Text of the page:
We Call it the Landscaping Fantasy.

Making games is a long, convoluted business. If you’re working on a console title, you could be looking at anywhere from 1 to 4 years on a project. There are endless meetings, discussions, debates, stand ups, sit downs, walkarounds. Much of the time, it can be hard to see any progress.

When you reach the point in the project where you swear you’re having meetings about having meetings (that’s called the Point of Metameeting, when all Outlook calendars collapse in on themselves), you may find yourself in a bland meeting room. And you may find yourself staring longingly out the window at the gardener, mowing the lawn. And you may ask yourself, My God. What have I done?

You are having The Landscaping Fantasy.


And at the end of the day, your work is done. There is no overtime. You just throw your lunchpail in your pick-em-up truck, and go have a couple of tasty brews. Or, in my case, get into your Jetta and go sip an almond milk latte.

I call it the landscaping fantasy, but it refers to any job that’s simple and direct. A job where progress is measured through your immediate actions, instead of posties moved across a scrum board.



The kid had a point. I’ve been making games most of my adult life. Newborn babies have more callouses on their hands than I do. The heaviest thing I’ve lifted is my tray in the subsidized cafeteria. I’ve had to watch YouTube videos on basic home repairs that I’ve subsequently botched with disastrous results (My Lost Weekend spent dealing with a clogged toilet years ago is worth its own article at HaplessPlumbers.com). I have to go lie down in the bedroom with a pillow over my head when my wife hangs pictures, such is my stress with the idea of holes being nailed into the walls.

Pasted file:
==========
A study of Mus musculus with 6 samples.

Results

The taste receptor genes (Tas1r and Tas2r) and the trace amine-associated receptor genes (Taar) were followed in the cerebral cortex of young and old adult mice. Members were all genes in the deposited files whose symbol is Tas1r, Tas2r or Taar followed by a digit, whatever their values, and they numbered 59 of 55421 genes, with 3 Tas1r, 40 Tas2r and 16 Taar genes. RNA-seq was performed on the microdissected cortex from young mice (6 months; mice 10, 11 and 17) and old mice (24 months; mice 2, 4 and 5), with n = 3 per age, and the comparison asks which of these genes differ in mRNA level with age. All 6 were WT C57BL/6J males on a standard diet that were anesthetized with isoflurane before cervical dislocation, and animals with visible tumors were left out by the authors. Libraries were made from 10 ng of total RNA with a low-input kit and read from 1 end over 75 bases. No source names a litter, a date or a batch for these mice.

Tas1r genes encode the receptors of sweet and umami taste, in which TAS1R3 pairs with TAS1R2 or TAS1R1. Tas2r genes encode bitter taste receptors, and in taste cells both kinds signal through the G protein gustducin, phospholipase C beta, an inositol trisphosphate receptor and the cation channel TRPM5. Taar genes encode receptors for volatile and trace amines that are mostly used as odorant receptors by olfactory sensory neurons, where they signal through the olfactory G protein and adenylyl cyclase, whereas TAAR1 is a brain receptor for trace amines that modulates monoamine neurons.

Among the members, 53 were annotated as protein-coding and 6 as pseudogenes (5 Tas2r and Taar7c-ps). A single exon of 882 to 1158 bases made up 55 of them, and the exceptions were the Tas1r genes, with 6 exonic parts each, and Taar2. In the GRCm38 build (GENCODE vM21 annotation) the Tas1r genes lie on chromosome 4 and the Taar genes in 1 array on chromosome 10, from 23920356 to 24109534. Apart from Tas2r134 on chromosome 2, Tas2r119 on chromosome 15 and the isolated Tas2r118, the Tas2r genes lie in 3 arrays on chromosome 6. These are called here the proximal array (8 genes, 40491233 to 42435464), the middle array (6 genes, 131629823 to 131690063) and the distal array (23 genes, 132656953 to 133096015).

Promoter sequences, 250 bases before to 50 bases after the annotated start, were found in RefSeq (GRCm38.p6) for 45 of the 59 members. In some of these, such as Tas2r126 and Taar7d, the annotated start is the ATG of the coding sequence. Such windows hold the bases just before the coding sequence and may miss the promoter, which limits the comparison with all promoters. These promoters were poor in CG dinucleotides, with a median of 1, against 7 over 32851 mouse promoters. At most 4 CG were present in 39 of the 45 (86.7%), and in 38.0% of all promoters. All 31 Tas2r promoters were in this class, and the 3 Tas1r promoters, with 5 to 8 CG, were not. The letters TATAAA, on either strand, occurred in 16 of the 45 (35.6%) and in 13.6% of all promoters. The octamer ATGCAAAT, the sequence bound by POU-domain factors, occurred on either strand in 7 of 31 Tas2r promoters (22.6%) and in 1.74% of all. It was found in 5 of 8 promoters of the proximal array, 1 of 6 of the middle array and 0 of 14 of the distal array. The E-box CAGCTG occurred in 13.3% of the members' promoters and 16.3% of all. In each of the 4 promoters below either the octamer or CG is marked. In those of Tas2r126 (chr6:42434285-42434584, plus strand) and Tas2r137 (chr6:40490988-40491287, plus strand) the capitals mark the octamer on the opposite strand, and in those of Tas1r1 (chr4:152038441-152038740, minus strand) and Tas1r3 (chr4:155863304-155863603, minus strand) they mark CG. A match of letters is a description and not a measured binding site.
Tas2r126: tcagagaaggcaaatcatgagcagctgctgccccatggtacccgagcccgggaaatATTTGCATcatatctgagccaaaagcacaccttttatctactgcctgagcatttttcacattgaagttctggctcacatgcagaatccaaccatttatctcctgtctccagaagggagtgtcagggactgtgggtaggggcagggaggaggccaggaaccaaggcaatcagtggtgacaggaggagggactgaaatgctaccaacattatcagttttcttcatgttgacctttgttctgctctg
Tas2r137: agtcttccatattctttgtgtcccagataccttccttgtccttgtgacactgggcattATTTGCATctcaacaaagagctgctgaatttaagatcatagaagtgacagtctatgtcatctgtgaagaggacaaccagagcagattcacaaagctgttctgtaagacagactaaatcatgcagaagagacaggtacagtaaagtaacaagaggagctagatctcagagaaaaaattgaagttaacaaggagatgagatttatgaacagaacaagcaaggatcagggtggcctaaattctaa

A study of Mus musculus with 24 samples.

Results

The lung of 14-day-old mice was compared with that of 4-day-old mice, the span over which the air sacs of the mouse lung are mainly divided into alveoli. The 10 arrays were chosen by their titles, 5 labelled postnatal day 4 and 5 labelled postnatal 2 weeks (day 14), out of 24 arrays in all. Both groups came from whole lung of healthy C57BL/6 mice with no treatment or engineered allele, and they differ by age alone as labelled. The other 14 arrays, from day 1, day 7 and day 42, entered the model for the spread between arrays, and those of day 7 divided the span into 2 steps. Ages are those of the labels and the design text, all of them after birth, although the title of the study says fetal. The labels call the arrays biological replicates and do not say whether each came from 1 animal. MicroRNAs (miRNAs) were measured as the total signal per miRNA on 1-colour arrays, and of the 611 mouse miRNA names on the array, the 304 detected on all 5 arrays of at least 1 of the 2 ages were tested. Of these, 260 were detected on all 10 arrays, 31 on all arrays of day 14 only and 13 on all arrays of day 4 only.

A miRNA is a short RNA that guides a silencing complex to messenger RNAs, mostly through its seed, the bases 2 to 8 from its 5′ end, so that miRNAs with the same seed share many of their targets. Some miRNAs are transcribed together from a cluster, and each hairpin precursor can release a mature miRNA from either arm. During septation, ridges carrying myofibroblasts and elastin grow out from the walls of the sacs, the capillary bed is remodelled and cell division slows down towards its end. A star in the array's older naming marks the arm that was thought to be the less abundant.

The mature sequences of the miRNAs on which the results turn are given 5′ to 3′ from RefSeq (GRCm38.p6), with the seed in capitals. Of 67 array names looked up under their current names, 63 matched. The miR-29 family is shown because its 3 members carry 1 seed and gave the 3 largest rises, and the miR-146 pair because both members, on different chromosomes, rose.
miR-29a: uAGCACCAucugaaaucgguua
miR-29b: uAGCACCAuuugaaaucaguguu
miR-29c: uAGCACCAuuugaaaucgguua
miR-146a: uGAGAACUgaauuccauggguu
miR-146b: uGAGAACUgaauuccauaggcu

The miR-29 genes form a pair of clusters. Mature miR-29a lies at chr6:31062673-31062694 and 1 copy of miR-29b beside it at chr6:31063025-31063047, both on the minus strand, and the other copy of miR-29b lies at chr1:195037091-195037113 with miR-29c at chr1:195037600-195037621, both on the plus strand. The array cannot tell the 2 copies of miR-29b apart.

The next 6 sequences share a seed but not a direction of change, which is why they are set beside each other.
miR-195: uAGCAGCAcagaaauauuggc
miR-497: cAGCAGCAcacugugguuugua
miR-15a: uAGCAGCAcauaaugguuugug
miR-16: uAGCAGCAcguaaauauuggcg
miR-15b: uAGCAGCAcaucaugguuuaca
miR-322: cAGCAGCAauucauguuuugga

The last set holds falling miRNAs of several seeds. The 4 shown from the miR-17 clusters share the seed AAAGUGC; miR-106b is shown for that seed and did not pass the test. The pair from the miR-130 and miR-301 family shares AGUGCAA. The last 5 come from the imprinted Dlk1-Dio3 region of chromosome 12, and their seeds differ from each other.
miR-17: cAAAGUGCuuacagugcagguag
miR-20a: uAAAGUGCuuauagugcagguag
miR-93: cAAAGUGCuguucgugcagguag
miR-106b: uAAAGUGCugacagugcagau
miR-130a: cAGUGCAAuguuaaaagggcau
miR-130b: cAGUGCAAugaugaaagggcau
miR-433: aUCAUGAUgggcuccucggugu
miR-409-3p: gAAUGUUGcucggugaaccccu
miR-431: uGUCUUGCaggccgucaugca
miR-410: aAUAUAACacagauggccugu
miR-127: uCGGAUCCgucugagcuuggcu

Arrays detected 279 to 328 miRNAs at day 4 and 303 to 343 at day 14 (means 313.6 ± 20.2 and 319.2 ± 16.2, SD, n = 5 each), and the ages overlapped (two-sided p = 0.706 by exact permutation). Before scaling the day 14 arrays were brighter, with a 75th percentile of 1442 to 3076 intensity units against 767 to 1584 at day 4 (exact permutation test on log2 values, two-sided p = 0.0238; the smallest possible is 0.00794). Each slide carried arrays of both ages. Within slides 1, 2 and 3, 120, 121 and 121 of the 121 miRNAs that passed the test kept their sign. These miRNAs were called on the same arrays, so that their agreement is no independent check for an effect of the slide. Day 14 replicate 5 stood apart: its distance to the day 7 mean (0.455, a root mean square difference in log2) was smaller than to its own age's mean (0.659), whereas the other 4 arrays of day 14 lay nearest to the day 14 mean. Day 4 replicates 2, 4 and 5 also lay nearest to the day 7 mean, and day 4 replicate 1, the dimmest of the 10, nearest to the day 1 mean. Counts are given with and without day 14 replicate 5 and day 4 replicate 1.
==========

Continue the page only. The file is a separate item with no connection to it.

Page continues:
The skills I’ve learned in games probably aren’t  as applicable to those fantasy jobs, either. I’ve developed ways of working with game artists that probably don’t go over well other fields.

So what, exactly, makes me think I could spend weeks aboard a dank, dangerous fishing boat with a bunch of hardened fishermen who could rip me into chum chunks if they wanted to? Hauling insanely heavy crab traps out of the freezing, stormy ocean at 4 am?

It was the immediacy of the work that I found so appealing. There were no scenes of the crew at a whiteboard, discussing what was going to make up their “Crab Fishing Vertical Slice”. Their progress was measured by the number of crabs in the hold, not by an assessment, 14 months later, as to whether the crabs “felt like they’d been caught during an authentic fishing experience”.